Superb noise cancellation; Extremely comfortable and stable fit; Slim battery pack; Audio plays without power
Expensive; Bulky inline mic/controller; Battery life could be better
Supreme comfort and stellar anti-noise make the Bose QuietComfort 20i the noise-canceling buds to beat.
Bose has been at the top of the noise-cancellation game for years with its QuietComfort line of full-size headphones, but the QC20i is the company's first stab at powered earbuds. At $299, they're not for the budget-minded, and as with most active noise cancelers, the audio quality isn't what you'd get from similarly priced passive headphones. But what you do get is the best noise cancellation available, and when you're surrounded by chatty people, crying babies, engine whine, highway din or a neighbor's TV, that's priceless. Plus, you can always listen in on the important stuff with the push of a button -- without taking out the earbuds.
The cables enter each earbud with a flexible but firm nondetachable connector that feels sturdy, and they meet at chest height in an inline mic/controller that is compatible with iOS devices. Three buttons on the front control playback: volume, Siri and calls.
Below the controller, near the end of the cable, there's a slim inline battery pack housing a nonremovable lithium-ion power cell rated for about 16 hours per charge; charging takes 2 hours via the micro-USB port. The inline battery is a necessary evil for noise-canceling earbuds, but this one is very well designed, measuring just 3.5 x 1.5 x 0.5 inches, so it fits unobtrusively against your phone in your pocket, and its rubberized matte finish feels great. The power switch on the side activates noise cancellation, and a pair of indicator lights tells you the battery and noise-cancellation status. The cable terminates with a gold-plated plug angled at 90 degrees.
In addition to a complement of eartips, you get a zippered carrying pouch that's slim enough to slip into a pocket. The package also includes a USB cable, but there's no wall plug, so you'll have to either purchase one separately, use your iOS device's wall plug or use a USB port on your computer. Bose supplies a small plastic clip so you can secure the cabling to your clothing to avoid having the inline components bouncing around too much.
We were genuinely impressed with the 20i's noise cancellation. The closest thing to this noise-cancellation quality we've come across is from Bose's own QuietComfort 15, which are full-size cans. A very slight hiss is introduced, but you notice it less than on other noise cancelers of any size (except the QC15), and the level of cancellation is stunning. As we walked down a busy street, the din of cars and passersby was almost completely washed away, and with music on at even a low level, disappeared entirely. In short, the noise cancellation is better than on any earbud or full-size headphones we've heard, with the exception of the QC15, and even compared to those, the 20i earbuds actually do a better job of blocking a wider range of sounds.
We're also happy to report that the 20i will still play music after the power runs out, which has been a major complaint about Bose's noise-canceling devices since the company's very first model debuted. The 16-hour battery life isn't very impressive, especially when compared to competitors' claims -- such as the AKG K391 NC (40 hours), Audio-Technica ATH-ANC23 (60 hours) and Phiaton PS20 (50 hours) -- but given the high-level noise cancellation, we can understand the quicker power drain.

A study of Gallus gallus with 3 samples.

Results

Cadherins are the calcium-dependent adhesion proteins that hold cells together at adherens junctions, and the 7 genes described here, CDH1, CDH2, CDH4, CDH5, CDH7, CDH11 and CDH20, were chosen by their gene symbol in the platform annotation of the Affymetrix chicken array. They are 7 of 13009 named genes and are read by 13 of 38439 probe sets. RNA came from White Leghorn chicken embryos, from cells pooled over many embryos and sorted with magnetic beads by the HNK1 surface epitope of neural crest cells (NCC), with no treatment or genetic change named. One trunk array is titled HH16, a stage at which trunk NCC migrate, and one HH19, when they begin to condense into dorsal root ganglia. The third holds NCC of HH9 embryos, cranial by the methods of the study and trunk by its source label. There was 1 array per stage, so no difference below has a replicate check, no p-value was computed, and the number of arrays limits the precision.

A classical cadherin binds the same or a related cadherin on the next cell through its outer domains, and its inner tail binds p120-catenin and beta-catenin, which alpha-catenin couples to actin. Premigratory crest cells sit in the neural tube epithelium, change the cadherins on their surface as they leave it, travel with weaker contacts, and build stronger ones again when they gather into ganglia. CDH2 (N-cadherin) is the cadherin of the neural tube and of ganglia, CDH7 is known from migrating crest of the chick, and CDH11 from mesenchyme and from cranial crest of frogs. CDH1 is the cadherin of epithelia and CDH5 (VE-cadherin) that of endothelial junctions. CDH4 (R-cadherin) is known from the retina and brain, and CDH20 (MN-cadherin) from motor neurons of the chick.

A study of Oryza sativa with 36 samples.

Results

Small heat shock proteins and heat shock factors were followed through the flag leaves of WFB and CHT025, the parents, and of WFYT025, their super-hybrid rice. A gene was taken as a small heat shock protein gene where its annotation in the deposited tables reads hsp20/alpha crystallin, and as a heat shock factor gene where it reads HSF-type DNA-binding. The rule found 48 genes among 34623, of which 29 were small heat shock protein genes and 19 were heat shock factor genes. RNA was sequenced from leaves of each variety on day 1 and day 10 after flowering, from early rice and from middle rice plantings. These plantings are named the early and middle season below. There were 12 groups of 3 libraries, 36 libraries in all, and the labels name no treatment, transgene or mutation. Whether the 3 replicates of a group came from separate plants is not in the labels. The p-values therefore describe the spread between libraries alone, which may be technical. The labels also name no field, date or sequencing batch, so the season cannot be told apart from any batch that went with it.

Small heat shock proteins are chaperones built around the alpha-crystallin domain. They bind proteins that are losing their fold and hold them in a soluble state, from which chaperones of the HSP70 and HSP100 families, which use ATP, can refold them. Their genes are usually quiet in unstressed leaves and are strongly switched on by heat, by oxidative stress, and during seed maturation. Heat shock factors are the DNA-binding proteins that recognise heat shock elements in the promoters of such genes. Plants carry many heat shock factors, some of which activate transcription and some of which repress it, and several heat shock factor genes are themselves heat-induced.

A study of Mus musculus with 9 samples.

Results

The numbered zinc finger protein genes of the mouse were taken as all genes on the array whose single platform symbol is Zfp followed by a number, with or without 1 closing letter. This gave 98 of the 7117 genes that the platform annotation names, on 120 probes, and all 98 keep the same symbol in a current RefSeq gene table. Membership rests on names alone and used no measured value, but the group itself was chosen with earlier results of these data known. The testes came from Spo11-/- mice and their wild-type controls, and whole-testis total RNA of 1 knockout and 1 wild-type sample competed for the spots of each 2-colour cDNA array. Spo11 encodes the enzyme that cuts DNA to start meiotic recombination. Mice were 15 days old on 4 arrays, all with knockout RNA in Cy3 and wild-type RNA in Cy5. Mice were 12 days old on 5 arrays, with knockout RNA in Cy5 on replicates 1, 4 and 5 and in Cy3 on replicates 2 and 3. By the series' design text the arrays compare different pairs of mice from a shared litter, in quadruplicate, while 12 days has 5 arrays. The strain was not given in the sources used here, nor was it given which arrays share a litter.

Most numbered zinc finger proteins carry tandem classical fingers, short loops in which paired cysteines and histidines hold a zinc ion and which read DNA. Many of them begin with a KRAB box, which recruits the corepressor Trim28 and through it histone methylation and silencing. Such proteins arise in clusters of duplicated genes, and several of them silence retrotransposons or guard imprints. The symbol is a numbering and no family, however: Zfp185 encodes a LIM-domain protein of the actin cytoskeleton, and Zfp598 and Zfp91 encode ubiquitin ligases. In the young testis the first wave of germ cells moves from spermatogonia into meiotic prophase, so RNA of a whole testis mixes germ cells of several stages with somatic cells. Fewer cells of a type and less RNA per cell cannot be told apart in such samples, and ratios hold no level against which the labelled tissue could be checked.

On hip-hop tracks, such as Jay Z's "Holy Grail" and Snoop Dogg's "10 Lil' Crips," the deep bass and throbbing kick drum are clearly audible but lack impact, especially in comparison to earbuds like the B&W C5. Rock tunes, like Paul McCartney's "Only Mama Knows," sound full and rich, though the vocals lack a little bit of sparkle on the high end. With big-band music like Maynard Ferguson's "MacArthur Park," and orchestral tracks like Wynton Marsalis' recording of the Brandenburg Concerto #2, the 20i headphones manage to sound very good, but they don't provide as much detail and sense of space as regular earbuds in the $175 to $300 range. Small acoustic groups (modern jazz, folk, string/brass ensembles) work well with the 20i, though high mids and above could be stronger, making the cymbals on John Coltrane's "Blue Train" sound less crisp than they should.
Thankfully, the 20i earbuds still operate in passive mode without battery power, though you lose a little volume and a tiny bit of midrange detail. Cellphone audio quality is also slightly above average in both directions.
Frequent long-distance travelers should unequivocally get the Bose QuietComfort 20i for the noise cancellation alone. These earbuds are much more portable than over-the-ear noise-canceling headphones, and they're infinitely more comfortable for long periods than in-ear models. Among noise-canceling in-ear headphones, this is definitely the pair to beat. Most people will really like the sound, but bass addicts and purists might be better off with the Beats Studio or a set of unpowered in-ears like the B&W C5.
For non-iOS device users, the identically priced Bose QuietComfort 20 (note the missing "I") has a mic/controller that works with Android, BlackBerry and Windows devices. But even if they don't offer audiophile-grade sound, the supreme comfort and stellar noise cancellation of the QC20i make these the noise-canceling buds to beat.